Susan Arbetter tried her best to get an answer from Gov. Andrew Cuomo on changes to the school aid formula, but came away essentially empty handed.
Ms. Arbetter, the host of The Capitol Pressroom, interviewed Mr. Cuomo this morning and spoke to him for 10 minutes, exclusively about the school aid changes.
"That will be the discussion with the Legislature," Mr. Cuomo said. "How do we allocate the aid? How does need count? How does political balance count?"
Mr. Cuomo did not answer the questions that he posed.
The school aid formula, advocates and the state's association of school boards has said, is really unfair to poor, rural districts — the ones where you were probably educated or where your kids are getting educated now.
The Board of Regents has suggested changing that. So has state Sen. Patty Ritchie and Assemblywoman Addie Russell.
Mr. Cuomo, though, framed the conversation thusly: We can't just throw money at the education problem in the state, because that doesn't get results. Incentives. Performance. Etc.
"I want to bring that new emphasis to the conversation," Mr. Cuomo said. "I know everybody wants to revert back to, 'Tell me how much my salary is going up.' Talk to me about the students’ scores, first."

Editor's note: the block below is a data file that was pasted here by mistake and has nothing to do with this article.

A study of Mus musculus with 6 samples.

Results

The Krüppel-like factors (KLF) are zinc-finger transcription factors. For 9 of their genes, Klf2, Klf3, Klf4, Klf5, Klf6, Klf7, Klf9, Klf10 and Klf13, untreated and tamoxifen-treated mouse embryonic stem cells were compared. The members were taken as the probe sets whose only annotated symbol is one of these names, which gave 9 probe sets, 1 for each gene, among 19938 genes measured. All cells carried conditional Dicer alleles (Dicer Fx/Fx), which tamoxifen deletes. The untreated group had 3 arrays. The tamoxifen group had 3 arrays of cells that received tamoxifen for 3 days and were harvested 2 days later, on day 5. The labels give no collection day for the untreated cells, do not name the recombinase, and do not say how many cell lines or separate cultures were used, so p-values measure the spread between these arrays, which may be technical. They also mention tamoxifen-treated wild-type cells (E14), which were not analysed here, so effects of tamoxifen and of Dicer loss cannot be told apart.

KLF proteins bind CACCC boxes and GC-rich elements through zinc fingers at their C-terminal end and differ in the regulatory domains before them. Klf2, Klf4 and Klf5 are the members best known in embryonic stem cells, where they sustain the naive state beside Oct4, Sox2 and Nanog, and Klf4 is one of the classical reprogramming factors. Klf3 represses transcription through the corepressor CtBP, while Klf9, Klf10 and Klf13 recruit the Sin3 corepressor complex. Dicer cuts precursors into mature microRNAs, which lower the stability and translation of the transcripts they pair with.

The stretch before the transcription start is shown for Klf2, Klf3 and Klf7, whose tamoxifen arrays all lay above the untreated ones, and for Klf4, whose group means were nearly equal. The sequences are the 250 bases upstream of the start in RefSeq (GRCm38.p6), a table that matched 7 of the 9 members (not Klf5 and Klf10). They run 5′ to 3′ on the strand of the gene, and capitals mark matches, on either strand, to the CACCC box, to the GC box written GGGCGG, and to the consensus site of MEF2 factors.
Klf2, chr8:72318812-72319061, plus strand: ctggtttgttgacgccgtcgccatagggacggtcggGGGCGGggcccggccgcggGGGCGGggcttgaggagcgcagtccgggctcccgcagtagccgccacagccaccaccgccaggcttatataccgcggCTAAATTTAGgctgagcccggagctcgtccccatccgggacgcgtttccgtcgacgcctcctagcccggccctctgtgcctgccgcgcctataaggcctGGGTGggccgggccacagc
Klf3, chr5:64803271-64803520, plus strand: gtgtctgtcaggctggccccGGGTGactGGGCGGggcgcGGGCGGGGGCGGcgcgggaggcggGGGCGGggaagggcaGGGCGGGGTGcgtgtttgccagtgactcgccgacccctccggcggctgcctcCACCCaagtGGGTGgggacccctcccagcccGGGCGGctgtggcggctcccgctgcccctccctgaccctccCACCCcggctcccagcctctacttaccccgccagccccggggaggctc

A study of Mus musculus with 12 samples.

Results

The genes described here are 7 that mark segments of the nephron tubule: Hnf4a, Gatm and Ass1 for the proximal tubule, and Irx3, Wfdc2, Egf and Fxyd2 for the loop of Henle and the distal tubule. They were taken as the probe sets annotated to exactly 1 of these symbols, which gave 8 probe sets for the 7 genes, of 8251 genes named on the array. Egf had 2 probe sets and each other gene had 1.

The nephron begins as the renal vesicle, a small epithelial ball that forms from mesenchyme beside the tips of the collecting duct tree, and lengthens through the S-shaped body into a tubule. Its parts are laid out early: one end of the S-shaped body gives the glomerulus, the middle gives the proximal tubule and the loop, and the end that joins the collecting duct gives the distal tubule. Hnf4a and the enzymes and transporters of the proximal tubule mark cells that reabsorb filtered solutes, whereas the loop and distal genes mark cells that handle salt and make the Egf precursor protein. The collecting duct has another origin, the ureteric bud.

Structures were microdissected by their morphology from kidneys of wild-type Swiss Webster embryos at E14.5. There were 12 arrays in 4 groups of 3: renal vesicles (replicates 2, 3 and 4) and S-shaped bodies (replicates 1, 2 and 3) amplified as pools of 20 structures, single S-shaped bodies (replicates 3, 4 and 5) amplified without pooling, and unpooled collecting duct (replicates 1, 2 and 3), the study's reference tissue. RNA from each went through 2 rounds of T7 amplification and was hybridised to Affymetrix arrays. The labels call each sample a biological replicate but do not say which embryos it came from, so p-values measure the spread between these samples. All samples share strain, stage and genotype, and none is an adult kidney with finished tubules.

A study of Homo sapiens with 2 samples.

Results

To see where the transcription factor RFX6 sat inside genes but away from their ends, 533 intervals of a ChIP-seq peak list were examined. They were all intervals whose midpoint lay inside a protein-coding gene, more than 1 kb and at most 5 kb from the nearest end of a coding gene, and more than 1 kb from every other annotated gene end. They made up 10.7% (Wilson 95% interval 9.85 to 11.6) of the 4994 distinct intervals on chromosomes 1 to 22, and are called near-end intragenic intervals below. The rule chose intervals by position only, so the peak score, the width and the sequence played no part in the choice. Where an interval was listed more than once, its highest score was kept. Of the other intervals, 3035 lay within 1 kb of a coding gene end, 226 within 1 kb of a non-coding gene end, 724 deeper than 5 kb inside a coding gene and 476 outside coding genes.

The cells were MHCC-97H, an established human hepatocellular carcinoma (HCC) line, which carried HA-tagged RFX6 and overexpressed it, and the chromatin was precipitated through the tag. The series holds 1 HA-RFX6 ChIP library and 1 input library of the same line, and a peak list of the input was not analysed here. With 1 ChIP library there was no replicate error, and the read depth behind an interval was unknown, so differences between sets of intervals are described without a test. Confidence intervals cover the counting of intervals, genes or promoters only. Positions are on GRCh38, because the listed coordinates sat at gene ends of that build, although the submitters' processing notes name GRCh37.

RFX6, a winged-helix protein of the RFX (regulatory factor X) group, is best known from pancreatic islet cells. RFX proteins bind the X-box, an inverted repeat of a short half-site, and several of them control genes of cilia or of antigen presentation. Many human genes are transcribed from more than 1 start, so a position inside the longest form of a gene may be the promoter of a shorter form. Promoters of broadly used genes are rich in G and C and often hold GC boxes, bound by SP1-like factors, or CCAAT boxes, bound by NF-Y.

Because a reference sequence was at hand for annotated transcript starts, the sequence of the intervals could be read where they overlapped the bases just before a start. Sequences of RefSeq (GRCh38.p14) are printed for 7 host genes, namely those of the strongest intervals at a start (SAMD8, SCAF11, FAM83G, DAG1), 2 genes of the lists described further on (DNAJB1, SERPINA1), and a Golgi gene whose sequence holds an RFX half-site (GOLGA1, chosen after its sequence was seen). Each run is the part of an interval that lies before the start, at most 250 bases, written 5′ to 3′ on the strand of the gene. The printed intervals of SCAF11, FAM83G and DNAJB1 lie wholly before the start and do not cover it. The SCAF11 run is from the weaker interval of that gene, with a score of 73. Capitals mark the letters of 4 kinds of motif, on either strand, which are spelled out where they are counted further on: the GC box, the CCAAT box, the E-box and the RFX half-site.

That's all well and good, but it's not just teachers and superintendents who want a pay raise, north country advocates say. It's about kids who don't have the same educational opportunities — the dearth of foreign language and arts instruction is usually the first thing they say. Studies conclude that poor districts received the most disproportionate cut in the most recent state budget trimming, and that rich schools got away relatively unscathed.
It's easy to think that students in Long Island are getting manicures and listening to Chopin over the morning intercom, but the folks down there also say their schools aren't in great shape, either. New York City, too, will have something to say about this before it's all said and done.
For now, on school aid, Mr. Cuomo is staying above the fray.